Speech honors role of black women in American history


As part of NKU’s continuing celebration of Black History Month, former NKU Assistant Dean for African-American Student Affairs Pamela “Safisha” Hill offered a free public lecture to students and faculty at the Student Union Feb. 16. It coincided with this year’s nationwide theme of “Black Women in American Culture and History”.

According to African-American Student Affairs Director Dannie Moore, the student affairs program and Xavier University worked together to bring Hill to both campuses because she was instrumental to race relations on both campuses.

“Dr. Hill is an outstanding speaker that is committed to higher education. She truly values Black Studies and educating students,” Moore said.

In her presentation, “Black Women, Black Power, and the Struggle for Black Liberation,” Hill stressed the origin of Black History Month. “February is celebrated as Black History Month not because it’s the shortest month of the year,” Hill said, “but because Dr. Carter G. Woodson, who in 1926 started with his fraternity, a thing called ‘Negro Achievement Week’ to recognize the accomplishments of black folk.”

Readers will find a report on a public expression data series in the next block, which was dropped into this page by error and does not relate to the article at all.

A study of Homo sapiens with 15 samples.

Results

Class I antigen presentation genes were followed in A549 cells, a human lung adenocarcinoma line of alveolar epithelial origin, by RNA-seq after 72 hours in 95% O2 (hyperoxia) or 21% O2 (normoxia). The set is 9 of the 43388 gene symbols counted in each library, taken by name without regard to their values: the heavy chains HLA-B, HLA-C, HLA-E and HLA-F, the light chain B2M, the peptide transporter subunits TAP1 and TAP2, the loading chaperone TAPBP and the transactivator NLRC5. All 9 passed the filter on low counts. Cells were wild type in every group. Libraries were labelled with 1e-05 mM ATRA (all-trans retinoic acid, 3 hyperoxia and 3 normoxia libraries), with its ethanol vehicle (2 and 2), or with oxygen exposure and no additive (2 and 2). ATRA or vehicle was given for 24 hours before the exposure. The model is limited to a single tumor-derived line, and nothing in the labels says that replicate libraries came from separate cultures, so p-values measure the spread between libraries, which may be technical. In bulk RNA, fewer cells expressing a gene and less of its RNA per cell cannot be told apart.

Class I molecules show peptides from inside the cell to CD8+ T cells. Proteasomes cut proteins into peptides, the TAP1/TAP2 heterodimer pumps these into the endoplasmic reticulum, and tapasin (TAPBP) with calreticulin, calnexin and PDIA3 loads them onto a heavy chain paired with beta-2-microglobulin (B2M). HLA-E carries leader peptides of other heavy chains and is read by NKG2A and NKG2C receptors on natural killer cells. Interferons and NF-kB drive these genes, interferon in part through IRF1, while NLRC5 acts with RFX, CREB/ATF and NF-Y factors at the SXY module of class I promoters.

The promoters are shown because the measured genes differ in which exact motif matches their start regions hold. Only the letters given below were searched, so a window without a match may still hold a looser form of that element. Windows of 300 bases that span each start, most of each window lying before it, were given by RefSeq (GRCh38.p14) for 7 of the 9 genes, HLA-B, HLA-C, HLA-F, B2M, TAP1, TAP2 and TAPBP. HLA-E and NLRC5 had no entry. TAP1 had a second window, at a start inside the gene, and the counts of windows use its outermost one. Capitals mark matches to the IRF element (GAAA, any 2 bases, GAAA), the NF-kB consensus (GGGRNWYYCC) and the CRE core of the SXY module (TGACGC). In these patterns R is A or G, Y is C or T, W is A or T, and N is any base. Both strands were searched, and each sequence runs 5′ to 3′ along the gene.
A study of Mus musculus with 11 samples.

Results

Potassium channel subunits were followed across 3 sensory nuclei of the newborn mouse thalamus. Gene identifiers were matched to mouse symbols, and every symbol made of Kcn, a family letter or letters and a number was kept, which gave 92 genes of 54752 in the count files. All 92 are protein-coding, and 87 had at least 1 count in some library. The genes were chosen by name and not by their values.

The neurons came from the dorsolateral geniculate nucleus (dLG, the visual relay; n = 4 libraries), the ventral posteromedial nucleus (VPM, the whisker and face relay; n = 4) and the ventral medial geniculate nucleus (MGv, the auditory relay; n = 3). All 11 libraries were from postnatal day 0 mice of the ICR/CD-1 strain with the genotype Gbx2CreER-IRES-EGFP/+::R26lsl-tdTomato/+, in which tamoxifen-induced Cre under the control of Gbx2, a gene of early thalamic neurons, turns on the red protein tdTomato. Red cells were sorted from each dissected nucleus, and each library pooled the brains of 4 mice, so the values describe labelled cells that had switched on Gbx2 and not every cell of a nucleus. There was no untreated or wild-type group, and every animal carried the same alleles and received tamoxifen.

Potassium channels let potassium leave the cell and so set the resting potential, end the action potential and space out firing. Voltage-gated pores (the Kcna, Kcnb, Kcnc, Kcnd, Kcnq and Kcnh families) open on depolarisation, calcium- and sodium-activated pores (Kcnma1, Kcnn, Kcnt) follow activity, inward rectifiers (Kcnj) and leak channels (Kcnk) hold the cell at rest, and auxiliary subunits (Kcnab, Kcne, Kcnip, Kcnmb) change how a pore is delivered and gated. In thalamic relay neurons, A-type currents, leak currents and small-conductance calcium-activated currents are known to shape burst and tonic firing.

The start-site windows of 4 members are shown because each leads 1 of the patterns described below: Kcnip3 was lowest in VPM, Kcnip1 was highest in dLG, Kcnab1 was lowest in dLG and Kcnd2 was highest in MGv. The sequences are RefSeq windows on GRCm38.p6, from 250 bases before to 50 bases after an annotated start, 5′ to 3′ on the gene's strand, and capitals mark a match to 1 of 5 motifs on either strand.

In 1976, America’s bicentennial, Negro Achievement Week was expanded to the entire month of February to what we now know as Black History Month. During that month in 1976, President Gerald Ford celebrated with an urgent message for Americans to “seize the opportunity to honor the too-often neglected accomplishments of black Americans in every area of endeavor throughout our history.”
Hill featured many women who have made a significant contribution to American history. Popular figures such as Rosa Parks, Harriet Tubman, Sojourner Truth and Michelle Obama were profiled. She took interest in profiling unknown African-American women many people may not have heard of. She also profiled Cathy Williams, who in 1866 posed as a male to enlist in the United States Army, and voting rights activist Fannie Lou Hamer, who coined the phrase, “I’m sick and tired of being sick and tired.”

Hill said that Black History Month is important to learn because today’s society does not learn enough about history.

“We all have stories that are very important,” Hill said, “None of us got here because of what we did, but because somebody came before us, and broke down barriers, and kicked doors, walls and windows.”

According to NKU’s website, Hill has over 20 years of experience in teaching African-American studies. She currently serves as an adjunct professor for cultural studies at Ceder Valley College in Lancaster, Texas.